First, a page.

Still Second In The Workforce!
- New research has proved that
women lecturers and professors are still being discriminated against
in the workplace. The report was produced by the Higher
Education Statistics Agency and findings have shown that nationally
women make up 12 per cent of professors and 24 per cent of senior
lecturers and researcher positions.
The results were particularly striking considering women make up
more than half of undergraduate students yet hold less than a
quarter of senior academic posts.
Another recent investigation into the problem has revealed how male
networking and female reluctance for self-promotion within
institutions of higher education has increased the gender divide.
Barbara Bagilhole, reader in equal opportunities and social policy
at Loughborough University and researcher Jackie Goode carried out
the study. And concluded that it could explain why women get
paid at least 15 per cent less than men doing the same job. A recent
report from the lecturers' union NATFE suggested that it would cost
an extra 130 million pounds to bridge the pay divide.
checks on the cards
Preparations have begun to introduce a national identity card to Britain.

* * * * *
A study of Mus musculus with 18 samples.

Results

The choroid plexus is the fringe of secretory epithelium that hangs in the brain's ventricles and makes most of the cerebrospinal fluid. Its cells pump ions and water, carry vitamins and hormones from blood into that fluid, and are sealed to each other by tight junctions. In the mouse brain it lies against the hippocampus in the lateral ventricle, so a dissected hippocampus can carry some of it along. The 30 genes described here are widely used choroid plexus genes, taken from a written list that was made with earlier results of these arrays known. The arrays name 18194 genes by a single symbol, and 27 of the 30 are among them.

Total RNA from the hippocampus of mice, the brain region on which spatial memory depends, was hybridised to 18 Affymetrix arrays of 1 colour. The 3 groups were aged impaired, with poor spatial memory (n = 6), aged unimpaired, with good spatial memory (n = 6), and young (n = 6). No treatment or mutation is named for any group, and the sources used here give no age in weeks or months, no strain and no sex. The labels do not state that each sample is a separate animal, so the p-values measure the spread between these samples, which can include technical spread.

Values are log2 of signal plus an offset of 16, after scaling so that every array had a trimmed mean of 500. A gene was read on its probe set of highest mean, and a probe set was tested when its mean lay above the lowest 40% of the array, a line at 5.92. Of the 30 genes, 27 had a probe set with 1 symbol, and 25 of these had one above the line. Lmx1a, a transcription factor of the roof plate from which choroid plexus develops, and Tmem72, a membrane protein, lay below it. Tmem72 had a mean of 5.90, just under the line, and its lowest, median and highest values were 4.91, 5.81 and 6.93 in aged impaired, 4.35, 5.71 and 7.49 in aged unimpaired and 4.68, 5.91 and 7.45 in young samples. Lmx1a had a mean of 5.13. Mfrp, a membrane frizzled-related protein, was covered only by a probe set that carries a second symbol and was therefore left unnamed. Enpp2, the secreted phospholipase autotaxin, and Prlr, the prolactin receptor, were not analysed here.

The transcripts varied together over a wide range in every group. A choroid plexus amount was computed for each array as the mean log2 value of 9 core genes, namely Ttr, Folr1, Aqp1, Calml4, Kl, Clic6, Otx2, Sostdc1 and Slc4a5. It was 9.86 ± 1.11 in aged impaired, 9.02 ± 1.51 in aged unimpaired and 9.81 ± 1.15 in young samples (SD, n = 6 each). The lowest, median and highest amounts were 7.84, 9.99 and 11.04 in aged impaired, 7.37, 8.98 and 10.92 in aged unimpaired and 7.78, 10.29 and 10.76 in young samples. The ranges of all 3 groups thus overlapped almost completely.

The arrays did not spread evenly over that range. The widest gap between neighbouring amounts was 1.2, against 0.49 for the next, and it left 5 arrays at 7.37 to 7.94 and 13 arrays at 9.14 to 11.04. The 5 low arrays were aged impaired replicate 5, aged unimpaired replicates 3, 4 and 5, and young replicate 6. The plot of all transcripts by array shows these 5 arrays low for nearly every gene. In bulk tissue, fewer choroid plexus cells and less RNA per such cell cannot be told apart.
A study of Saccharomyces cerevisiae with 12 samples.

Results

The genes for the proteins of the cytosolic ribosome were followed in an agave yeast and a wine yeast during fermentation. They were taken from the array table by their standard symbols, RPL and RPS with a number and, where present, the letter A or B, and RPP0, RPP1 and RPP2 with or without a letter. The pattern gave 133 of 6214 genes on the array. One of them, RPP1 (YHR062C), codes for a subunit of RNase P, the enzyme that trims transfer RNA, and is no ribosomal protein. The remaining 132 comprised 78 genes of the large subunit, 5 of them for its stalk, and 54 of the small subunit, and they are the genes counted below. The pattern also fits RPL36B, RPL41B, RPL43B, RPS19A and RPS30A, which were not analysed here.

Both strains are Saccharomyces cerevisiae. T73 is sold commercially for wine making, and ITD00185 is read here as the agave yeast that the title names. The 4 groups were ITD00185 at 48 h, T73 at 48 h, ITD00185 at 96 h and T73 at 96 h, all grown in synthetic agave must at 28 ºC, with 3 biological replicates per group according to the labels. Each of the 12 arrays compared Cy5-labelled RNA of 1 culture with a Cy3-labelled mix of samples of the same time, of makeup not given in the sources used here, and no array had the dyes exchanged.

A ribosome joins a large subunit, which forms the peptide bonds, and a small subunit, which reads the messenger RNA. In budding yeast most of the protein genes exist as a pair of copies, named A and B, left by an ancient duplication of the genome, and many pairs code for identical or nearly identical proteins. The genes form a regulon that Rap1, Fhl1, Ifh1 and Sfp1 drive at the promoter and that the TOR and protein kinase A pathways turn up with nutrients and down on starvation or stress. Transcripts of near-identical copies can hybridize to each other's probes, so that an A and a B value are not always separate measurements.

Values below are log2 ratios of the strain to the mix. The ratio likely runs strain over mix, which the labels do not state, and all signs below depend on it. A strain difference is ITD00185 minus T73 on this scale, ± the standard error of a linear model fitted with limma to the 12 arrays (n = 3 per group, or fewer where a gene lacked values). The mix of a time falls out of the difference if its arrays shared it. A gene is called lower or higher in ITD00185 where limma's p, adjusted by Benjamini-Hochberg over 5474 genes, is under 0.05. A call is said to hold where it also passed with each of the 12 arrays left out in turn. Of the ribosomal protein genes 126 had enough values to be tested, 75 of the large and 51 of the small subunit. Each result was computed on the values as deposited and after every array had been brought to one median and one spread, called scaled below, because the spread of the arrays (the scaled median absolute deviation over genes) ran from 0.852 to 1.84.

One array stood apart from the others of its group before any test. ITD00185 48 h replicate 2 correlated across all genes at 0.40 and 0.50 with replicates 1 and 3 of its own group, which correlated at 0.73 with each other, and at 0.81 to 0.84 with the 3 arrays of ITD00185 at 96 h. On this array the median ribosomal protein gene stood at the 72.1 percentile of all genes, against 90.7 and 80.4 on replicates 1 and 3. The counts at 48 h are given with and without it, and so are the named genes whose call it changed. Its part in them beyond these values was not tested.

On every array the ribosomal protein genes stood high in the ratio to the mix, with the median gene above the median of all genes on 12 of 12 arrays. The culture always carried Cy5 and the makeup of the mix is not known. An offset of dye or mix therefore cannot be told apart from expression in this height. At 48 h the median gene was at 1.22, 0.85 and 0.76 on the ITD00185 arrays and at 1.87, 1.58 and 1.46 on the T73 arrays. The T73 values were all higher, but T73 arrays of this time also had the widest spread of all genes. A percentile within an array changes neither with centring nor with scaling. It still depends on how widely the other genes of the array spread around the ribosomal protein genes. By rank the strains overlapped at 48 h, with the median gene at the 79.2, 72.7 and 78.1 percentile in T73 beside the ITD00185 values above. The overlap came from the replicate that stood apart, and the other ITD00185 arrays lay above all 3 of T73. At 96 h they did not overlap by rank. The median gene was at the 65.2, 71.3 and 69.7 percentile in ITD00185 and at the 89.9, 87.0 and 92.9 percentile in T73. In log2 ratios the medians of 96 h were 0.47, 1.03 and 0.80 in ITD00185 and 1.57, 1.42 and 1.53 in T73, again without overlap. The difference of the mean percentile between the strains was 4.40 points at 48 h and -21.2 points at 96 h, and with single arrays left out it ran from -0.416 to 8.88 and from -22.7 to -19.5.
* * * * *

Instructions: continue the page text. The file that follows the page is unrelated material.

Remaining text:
The Home Office have commissioned the Passport Agency to research ways of
producing an identity card that would carry finger prints as well as aphotograph.
It is believed that talks about implementing such a measure have been
taking place since 1999. A Home Office spokesperson was very keen to
stress that the scheme would not be put into practice in the near future,
saying "at the moment it is very early days and no decision has been
tightened as Concorde returns.
Following a £50 million refit,
the world's most famous passenger aircraft is set to return.
After an absence of nearly fourteen months, Concorde is due to
resume commercial flights later this month.
The plane had been grounded following the crash last year in Paris
in which 113 people perished. The fuel tanks have now been
armour plated and the tyres have been reinforced, in order to
prevent a repeat of last year's tragedy in which a burst tyre
pierced the fuel tanks. However, the biggest
change can be found in the interior.
Out go the drab grey finishes, heavy food, cramped seats and old
fashioned bathrooms. To be replaced by inky blue cradle
seats, bright lights that ripple through the cabin when the jet
breaks the sound barrier, light modern cuisine, cashmere covered
pillows and "spa-like" bathrooms.
BA worked on the makeover with design guru Sir Terence Conran and
London-based firm Factory Design. Concorde however were not
alone in getting a facelift this week. Both the BA and
Virgin fleets are to be modified in the wake of the terrorist
attacks of last month.
The cockpits on the BA and Virgin flights will now be sealed from
the rest of the plane by two sets of secure doors. Pilots
will be protected from would-be hijackers by bullet, heat and
shock proof doors.
Virgin Atlantic will be the first British carrier to implement the
modifications on the newly renamed "Spirit of New York"
which was used to carry British recovery teams to New York.